Department of Homeland Security

ACLU sues DHS, says Muslim Americans questioned about faith at border

AP.

Three U.S. citizens filed a federal lawsuit on Thursday in the United States District Court for the Central District of California alleging they have been subjected to “unconstitutional questioning” from border officials about their religion. 

The American Civil Liberties Union, the ACLU of Minnesota and the ACLU Foundation of Southern California filed a federal lawsuit on behalf of three Muslim Americans who say they have been asked “inappropriate religious questions,” including “whether they are Muslim, whether they attend a mosque, which mosque they attend, whether they are Sunni or Shi’a, and how often they pray.”

They say the questions have been asked on multiple occasions when the plaintiffs came home from traveling abroad.

“By targeting plaintiffs for religious questioning merely because they are Muslim…border officers stigmatize them for adhering to a particular faith and condemn their religion as subject to suspicion and distrust,” the lawsuit said.

The suit details the treatment of the plaintiffs Abdirahman Aden Kariye, Mohamad Mouslli and Hameem Shah at various ports of entry into the U.S. and details the questioning they faced from border officials.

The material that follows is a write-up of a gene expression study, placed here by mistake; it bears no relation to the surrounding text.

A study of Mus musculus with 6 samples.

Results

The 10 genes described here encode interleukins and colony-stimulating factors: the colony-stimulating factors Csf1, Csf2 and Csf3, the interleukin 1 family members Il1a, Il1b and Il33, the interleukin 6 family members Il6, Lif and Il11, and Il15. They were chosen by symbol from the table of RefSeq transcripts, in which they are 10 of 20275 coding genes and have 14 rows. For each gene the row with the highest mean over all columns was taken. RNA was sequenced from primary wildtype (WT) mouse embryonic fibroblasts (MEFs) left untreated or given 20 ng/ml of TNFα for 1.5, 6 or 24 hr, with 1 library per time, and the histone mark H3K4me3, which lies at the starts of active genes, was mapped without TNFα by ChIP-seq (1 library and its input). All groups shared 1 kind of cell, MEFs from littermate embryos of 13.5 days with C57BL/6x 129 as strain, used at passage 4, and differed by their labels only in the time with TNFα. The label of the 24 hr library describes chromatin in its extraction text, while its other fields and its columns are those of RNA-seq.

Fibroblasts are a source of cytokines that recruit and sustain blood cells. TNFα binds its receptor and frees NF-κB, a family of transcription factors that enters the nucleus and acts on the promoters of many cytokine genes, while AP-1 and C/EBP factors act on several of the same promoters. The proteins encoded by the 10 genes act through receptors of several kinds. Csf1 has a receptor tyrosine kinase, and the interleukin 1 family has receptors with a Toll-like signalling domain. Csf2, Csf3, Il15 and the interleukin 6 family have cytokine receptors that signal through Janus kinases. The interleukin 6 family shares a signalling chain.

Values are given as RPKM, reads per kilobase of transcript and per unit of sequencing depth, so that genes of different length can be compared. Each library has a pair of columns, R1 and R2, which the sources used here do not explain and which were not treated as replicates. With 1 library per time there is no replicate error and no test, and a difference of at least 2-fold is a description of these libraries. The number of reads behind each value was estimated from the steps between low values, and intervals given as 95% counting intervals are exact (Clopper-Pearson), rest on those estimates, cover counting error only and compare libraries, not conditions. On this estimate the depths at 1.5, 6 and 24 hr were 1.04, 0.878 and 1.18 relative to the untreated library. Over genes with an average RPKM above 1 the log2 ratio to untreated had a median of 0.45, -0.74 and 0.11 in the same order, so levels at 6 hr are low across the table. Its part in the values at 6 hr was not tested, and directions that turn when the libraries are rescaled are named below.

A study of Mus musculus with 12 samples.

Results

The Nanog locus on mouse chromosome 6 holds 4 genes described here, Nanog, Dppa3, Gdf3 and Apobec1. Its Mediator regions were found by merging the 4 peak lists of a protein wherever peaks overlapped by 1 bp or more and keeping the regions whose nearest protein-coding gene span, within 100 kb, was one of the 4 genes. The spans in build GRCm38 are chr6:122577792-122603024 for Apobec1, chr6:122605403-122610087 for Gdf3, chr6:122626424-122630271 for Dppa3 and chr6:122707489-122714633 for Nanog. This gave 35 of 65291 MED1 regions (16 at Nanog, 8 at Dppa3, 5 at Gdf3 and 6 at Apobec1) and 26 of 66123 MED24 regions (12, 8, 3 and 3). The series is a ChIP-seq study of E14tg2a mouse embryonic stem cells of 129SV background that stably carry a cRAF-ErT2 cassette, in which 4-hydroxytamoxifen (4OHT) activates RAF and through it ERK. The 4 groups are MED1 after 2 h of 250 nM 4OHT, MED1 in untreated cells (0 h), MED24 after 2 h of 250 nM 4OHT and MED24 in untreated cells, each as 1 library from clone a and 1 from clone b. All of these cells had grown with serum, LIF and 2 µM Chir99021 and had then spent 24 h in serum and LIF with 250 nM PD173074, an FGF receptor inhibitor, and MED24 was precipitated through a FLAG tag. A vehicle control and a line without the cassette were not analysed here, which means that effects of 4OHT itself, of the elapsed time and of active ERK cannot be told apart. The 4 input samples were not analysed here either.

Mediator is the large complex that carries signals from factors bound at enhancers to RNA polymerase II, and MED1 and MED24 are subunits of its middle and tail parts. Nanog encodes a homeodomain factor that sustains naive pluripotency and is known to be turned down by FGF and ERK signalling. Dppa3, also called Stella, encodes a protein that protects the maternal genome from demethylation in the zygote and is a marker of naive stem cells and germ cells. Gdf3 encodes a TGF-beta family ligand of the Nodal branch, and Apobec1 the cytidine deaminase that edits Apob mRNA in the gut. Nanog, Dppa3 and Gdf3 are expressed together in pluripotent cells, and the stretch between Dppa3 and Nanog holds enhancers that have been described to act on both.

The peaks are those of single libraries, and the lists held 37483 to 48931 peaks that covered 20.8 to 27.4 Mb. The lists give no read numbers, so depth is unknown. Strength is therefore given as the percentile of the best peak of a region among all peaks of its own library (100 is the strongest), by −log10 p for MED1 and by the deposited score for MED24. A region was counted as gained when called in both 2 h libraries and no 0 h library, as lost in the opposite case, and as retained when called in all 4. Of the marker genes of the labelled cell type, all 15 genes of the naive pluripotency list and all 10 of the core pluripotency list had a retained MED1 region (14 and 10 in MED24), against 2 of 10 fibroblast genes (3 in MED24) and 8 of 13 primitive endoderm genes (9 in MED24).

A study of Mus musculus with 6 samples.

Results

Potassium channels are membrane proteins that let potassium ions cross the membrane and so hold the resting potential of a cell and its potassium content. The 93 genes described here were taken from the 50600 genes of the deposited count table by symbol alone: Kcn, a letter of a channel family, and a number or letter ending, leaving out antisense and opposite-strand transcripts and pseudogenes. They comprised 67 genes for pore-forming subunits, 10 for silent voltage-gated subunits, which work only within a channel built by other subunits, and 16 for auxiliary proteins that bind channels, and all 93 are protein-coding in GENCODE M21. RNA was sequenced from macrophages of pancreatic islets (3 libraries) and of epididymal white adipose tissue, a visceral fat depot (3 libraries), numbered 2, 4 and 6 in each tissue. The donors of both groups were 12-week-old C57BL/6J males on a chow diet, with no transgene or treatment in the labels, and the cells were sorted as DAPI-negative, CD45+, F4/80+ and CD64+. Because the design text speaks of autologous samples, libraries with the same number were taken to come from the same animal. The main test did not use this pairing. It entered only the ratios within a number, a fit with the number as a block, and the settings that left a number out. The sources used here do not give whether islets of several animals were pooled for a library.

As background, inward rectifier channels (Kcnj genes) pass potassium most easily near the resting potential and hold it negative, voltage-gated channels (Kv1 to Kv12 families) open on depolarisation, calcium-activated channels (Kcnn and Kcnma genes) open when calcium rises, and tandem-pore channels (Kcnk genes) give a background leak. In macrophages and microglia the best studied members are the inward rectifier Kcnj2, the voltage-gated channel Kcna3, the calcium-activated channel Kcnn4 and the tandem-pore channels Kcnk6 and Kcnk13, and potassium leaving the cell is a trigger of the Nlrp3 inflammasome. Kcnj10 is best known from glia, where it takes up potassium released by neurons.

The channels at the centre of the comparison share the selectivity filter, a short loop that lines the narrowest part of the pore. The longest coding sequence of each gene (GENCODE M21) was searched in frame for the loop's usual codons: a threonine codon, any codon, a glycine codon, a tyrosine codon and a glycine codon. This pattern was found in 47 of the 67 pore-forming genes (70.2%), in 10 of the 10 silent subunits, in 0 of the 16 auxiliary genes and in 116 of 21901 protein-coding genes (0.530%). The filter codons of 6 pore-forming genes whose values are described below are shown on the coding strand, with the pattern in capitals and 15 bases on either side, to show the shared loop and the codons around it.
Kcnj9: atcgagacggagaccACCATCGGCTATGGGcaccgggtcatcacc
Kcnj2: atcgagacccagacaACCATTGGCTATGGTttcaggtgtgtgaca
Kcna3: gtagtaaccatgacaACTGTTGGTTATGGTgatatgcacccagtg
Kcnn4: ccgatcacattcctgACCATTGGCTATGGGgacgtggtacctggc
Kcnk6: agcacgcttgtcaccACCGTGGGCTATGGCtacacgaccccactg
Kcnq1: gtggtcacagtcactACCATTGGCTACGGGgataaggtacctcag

The ACLU said in a press release Thursday that the questioning by U.S. Customs and Border Protection (CBP) and Homeland Security Investigations (HSI) violates the plaintiff’s First Amendment freedoms of religion and association, as well as the Religious Freedom Restoration Act (RFRA).

It added that this questioning is “part of a broader 20-year practice of border officials targeting Muslim American travelers because of their religion.”

The plaintiffs are asking the court to declare that the CBP’s religious questioning violates the Constitution and RFRA.

The lawsuit also seeks an injunction that will stop the Department of Homeland Security and CBP from questioning the plaintiffs about their faith at ports of entry, and demands that recordings of the questioning be expunged.

The Hill has reached out to the Department of Homeland Security and the U.S. Customs and Border Protection for comment.

The ACLU has previously said that U.S. citizens and lawful residents who are Muslim have been targeted by CBP officers for questioning about “deeply personal beliefs, associations and religious practices protected by the First Amendment.” 

Numerous Muslim travelers have complained of being questioned while traveling in the decades since September 11. 

According to The Wall Street Journal, the Department of Homeland Security’s Office for Civil Rights and Civil Liberties opened an internal investigation in 2011 to look into several complaints it had received from U.S. citizens and permanent residents who said they had been questioned about their Muslim faith and practices.

The report added that the investigation was later closed without a conclusion when the Council on American-Islamic Relations filed a related lawsuit.